The UK Government has launched the UK Business Climate Hub to help companies in their sustainability journey.
- The suite includes tools such as a free carbon calculator and advice on a range of issues.
- It is intended especially for smaller companies, which often lack the resources to achieve climate goals.
- The initiative will help UK companies to not only address their climate impacts, but also cut costs and attract more customers.
UK businesses will be able to access advice and support to reduce operational costs while cutting their carbon emissions.
What is the UK Business Climate Hub?
The suite includes tools such as a free carbon calculator and advice on everything, from sourcing products from green suppliers and reducing emissions from freight and logistics to the most cost-effective ways of installing solar panels and electric vehicle (EV) charging points.
Beyond addressing energy usage, companies can access support on getting business grants, green loans and financing for a retrofit, buying credible carbon offsets, getting low-carbon product labels and certifications as well as reducing waste and recycling more.
It is intended particularly for the country’s 5.5 million small and medium-sized businesses (SMEs), with business and industry accounting for around 25% of emissions. Research shows that 90% of SMEs are keen to tackle climate change, but find it difficult to know how or where to start to find the right solutions to reduce their carbon footprint.
National Chair of the Federation of Small Businesses, Martin McTague, said: “SMEs recognise their role in net zero but many still find it challenging to access the relevant support and resources to play their part. This new official platform for advice and support will really help.”
“In addition to helping small firms become more energy and resource efficient, the hub also has the opportunity to empower small firms to take ambitious steps towards net zero, ultimately ensuring that they also benefit from the economic opportunities created in a net zero economy.”
How can these measures cut costs?
Cutting energy usage goes hand in hand with reducing emissions. For example, switching to EVs can not only cut running costs but also lower servicing and maintenance costs by around 40% compared to petrol or diesel cars, while giving drivers fuel efficiency training can help save companies an average of 15% on fuel use and carbon emissions in transporting goods.
Moreover, with up to half of companies’ overall electricity bill coming from lighting, making changes such as switching to LED bulbs can help shave up to 40% off bills. Going green is also a way to attract more customers, as 85% of consumers are more likely to buy from a business with a reputation for sustainability.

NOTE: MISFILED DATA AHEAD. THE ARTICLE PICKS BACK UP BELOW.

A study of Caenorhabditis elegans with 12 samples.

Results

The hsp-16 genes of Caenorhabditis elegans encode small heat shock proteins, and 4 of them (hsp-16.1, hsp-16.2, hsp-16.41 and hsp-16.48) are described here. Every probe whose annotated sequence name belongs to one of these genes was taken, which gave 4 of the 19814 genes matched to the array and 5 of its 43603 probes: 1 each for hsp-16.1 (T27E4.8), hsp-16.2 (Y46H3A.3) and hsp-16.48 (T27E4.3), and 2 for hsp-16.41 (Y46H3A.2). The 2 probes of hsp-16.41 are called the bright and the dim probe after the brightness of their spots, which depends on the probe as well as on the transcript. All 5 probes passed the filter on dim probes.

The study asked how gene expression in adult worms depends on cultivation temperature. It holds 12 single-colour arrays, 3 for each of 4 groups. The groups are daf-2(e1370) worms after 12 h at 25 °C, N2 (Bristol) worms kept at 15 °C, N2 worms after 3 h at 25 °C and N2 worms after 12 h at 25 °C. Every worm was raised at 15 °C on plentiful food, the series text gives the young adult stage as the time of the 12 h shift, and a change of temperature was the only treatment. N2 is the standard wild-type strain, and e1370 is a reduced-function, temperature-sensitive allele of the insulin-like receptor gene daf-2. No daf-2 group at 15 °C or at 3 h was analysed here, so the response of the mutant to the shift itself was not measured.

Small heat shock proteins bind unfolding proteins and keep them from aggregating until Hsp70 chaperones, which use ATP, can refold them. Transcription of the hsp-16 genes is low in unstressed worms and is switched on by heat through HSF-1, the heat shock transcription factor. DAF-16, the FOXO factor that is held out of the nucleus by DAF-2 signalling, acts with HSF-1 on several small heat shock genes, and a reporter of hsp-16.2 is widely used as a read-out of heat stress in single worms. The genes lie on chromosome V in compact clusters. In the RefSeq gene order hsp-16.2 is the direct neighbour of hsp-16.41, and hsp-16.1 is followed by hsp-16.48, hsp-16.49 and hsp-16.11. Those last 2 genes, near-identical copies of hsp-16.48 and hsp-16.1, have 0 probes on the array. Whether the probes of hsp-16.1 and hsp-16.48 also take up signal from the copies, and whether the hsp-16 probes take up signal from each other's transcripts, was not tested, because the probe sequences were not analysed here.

The energy transition is bringing huge opportunities: in 2020 the UK was estimated to already have over 400,000 jobs in low-carbon businesses and their supply chains across the country, with turnover at £41.6 billion. Over 80,000 green jobs are currently being supported or are in the pipeline because of new government policies since 2020, with that expected to increase to as many as nearly half a million by 2030.
Businesses want action
The project is endorsed by business leaders and ministers on the new Net Zero Council and comes as the organisation calls on business representative organisations across the country to take concerted action to plan to reduce their members’ emissions. The group, comprising chief executives from major companies including Co-op, HSBC (LSE:HSBA), Siemens and Cemex (NYSE:CX), have developed a new business roadmap framework to help empower businesses to work with others in their sector to create tailored action plans for their own industry to decarbonise.
Co-chair of the Net Zero Council, Co-op group chief executive Shirine Khoury-Haq, said: “None of us will get to net zero without all of us getting to net zero, so ensuring that every business and every sector has a clear plan for delivering this non-negotiable target is key. I hope the UK Business Climate Hub will be a valuable tool for business leaders looking for guidance and support in this vital endeavour.”
SMEs in the UK are grappling with rising operational costs, the cost of living crisis affecting purchasing power and stakeholder pressures to establish and achieve climate goals. The sustainable transition can be overwhelming for companies with limited resources, and providing access to trusted information can play an important part in supporting everyone to get there.